By Resident Commissioner Luis Fortuño (R-Puerto Rico) and Blanquita Cullum - 05/22/07 07:59 PM EDT
President Hugo Chavez is days away from shutting down Radio Caracas Television, or RCTV, Venezuela’s oldest and most popular television network. RCTV has been on the air for over 40 years, and with its mix of news, comedy, soap operas and other entertainment programming, it is the Caracas equivalent of NBC or CBS.
The station also happens to be one of the last independent voices in Venezuela’s broadcast media willing to criticize the Chavez regime — and Hugo Chavez would rather there be none.
RCTV’s 20-year license comes up for renewal May 27, and Chavez is using the opportunity to drive the station from the airwaves. “Forget about renewal,” Chavez said on his own radio and television show, “Alo Presidente!” “What you should accept is a fact that is quite clear: The license is expiring.”
To get a sense of the magnitude of Chavez’s move against RCTV, imagine if a U.S. president, angry at jokes about him on “Saturday Night Live” and unhappy with critical reports about his administration on the “Nightly News,” directed the Federal Communications Commission to shut NBC down — and for good. Fortunately, we can’t imagine that happening in the United States. No president would try; and perhaps more importantly, it would not be allowed.
The people of Venezuela are not simply accepting their ruler’s effort to silence the political opposition. Thousands marched in the streets of Caracas calling on Chavez to renew RCTV’s license. In retaliation the president sent thugs employed by government-funded radio stations to trash RCTV headquarters, defacing the building with slogans against its general manager, Marcel Grannier.
The people of Venezuela do not like what they have seen. In a recent poll of Venezuelans, 70 percent said they opposed the government’s plan to shut down RCTV. Caracas pollster Luis Vicente Leon told Bloomberg News that nothing in Chavez’s eight-year presidency has been viewed as negatively by so many Venezuelans. Calls have increased for international bodies, such as the United Nations and the European Union, to take action to protect Venezuela freedom of the press.
To say that Hugo Chavez is unapologetic would be a gross understatement. “People who believe they can put pressure on me by appealing to international organizations, foreign governments, and the evil court of this and that, with demonstrations, forget it!”
Chavez has ignored pleas from The Committee to Protect Journalists, Reporters Without Borders, the Inter-American Press Association, and the Inter-American Commission on Human Rights. And when Costa Rican President (and Nobel Peace Prize winner) Oscar Arias criticized Chavez’s strong-arm tactics, including the move against RCTV, Venezuela promptly responded by shutting down an aluminum plant it owns in Costa Rica, putting 400 people out of work.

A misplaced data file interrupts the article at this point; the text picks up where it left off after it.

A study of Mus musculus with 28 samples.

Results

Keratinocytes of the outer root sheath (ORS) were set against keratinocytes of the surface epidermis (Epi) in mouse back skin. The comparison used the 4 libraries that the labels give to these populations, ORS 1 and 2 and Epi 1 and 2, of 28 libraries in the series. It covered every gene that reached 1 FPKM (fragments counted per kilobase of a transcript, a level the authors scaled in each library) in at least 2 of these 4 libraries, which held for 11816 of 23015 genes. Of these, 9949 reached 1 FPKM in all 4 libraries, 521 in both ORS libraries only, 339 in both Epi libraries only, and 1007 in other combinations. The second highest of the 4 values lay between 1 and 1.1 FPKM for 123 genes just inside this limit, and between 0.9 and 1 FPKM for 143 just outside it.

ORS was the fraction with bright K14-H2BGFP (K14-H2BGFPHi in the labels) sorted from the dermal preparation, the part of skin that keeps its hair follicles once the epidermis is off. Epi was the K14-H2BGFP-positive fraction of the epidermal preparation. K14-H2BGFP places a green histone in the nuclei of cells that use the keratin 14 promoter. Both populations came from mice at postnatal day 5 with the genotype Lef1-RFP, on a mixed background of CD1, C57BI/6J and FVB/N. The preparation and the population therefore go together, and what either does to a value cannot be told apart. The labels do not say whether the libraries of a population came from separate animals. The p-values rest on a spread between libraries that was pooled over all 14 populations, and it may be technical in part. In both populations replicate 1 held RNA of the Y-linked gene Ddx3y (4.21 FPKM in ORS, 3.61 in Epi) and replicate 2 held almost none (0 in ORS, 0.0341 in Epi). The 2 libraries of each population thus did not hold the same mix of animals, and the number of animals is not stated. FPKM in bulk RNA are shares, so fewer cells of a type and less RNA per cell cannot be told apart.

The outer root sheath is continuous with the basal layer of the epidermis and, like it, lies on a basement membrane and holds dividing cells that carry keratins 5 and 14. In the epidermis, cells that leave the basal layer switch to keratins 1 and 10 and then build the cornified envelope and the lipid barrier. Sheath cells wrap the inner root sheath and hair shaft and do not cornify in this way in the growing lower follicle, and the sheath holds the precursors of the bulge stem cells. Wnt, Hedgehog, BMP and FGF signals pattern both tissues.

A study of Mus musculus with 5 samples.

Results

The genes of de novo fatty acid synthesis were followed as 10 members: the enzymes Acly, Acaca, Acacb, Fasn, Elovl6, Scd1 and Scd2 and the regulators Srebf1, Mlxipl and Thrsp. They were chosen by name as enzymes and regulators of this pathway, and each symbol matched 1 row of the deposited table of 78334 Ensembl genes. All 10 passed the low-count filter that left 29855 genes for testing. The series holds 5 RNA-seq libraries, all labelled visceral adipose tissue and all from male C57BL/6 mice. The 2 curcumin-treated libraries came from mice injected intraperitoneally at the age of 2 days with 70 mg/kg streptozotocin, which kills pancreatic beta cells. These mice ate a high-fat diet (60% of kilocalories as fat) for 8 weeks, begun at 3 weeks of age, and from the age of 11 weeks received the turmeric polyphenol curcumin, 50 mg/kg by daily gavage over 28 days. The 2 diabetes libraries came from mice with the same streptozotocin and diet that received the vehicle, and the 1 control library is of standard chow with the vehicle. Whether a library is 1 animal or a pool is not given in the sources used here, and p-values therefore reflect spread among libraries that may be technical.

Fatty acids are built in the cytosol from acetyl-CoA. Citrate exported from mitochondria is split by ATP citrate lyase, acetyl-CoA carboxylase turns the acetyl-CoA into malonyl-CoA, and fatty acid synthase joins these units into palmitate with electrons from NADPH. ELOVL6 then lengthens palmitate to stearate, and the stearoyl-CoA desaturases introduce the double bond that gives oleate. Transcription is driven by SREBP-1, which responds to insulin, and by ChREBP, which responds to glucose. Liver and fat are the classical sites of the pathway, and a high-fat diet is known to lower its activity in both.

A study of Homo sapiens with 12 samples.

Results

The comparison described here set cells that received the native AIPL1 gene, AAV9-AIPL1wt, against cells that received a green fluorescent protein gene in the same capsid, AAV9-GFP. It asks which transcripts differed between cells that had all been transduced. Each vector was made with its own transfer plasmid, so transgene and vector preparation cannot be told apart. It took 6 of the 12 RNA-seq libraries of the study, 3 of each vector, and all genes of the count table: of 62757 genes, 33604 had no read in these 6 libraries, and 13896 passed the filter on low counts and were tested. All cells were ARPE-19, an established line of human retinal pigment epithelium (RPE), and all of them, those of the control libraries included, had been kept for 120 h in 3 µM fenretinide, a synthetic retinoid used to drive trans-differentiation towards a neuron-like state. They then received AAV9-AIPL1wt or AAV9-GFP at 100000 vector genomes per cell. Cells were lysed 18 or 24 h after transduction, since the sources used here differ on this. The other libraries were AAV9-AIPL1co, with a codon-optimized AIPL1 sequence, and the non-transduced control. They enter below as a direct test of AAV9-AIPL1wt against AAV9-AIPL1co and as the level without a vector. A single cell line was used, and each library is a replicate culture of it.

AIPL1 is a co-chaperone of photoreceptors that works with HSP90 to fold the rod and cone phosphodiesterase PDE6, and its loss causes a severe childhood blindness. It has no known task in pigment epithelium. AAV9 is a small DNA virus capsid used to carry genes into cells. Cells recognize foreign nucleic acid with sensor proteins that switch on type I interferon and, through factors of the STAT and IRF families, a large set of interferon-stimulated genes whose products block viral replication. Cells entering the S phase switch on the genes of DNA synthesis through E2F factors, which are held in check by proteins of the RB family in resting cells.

Freedom House reports that press freedom has declined dramatically in Venezuela over the past several years. In its annual review of global press freedom, released in early May, Freedom House named Venezuela as one of two nations in the hemisphere that are “not free,” with Cuba being the other country.
The threat to reject RCTV’s license renewal is just one of many examples of the Chavez government coercing the Venezuelan press. Perhaps most menacing has been the expansion of the country’s desacato laws, which make it a criminal offense to insult the president or other government officials.
Mr. Chavez has not been exclusively cracking down on independent media voices; he has been aggressively expanding his own media empire, regularly preempting commercial radio and television programs, in addition to seizing control of media assets. The Venezuelan government is not merely putting RCTV out of business; Mr. Chavez’s regime will be taking control of the station’s frequency to use for its own programming.
We should be standing up against Mr. Chavez’s crackdown on the independent media. The Fortuño resolution (H. Con. Res. 50) has 40 cosponsors and continues to gain support in Congress. This legislation would call on the government of Venezuela “to abide by its freely undertaken obligations under international human rights treaties and international law to respect and ensure the rights of all individuals, irrespective of their political views.” Furthermore, the measure expresses support for the secretary general of the Organization of American States for his support for freedom of expression in Venezuela.
The Committee to Protect Journalists has made an admirable effort to call attention to the deterioration of press freedom in Venezuela. There is plenty of room for press freedom groups and other international organizations to do more. Free-speech advocate Blanquita Cullum will address the issue at the upcoming gathering of over 700 talk show hosts in New York. The first step is to dramatically raise public awareness, so that the 70 percent of Venezuelans who oppose Mr. Chavez’s attack on RCTV realize that their concerns are shared and that their calls for basic human rights and freedoms are not being ignored. The U.S. Congress has a responsibility in all of this to side with the people of Venezuela.
On May 27, if RCTV goes dark, so does the hope of Venezuela’s free press to cover, report, and express their views openly and freely.
Fortuño represents Puerto Rico in Congress. Cullum is a member of the Broadcasting Board of Governors and chairwoman of the Talk Radio First Amendment Committee.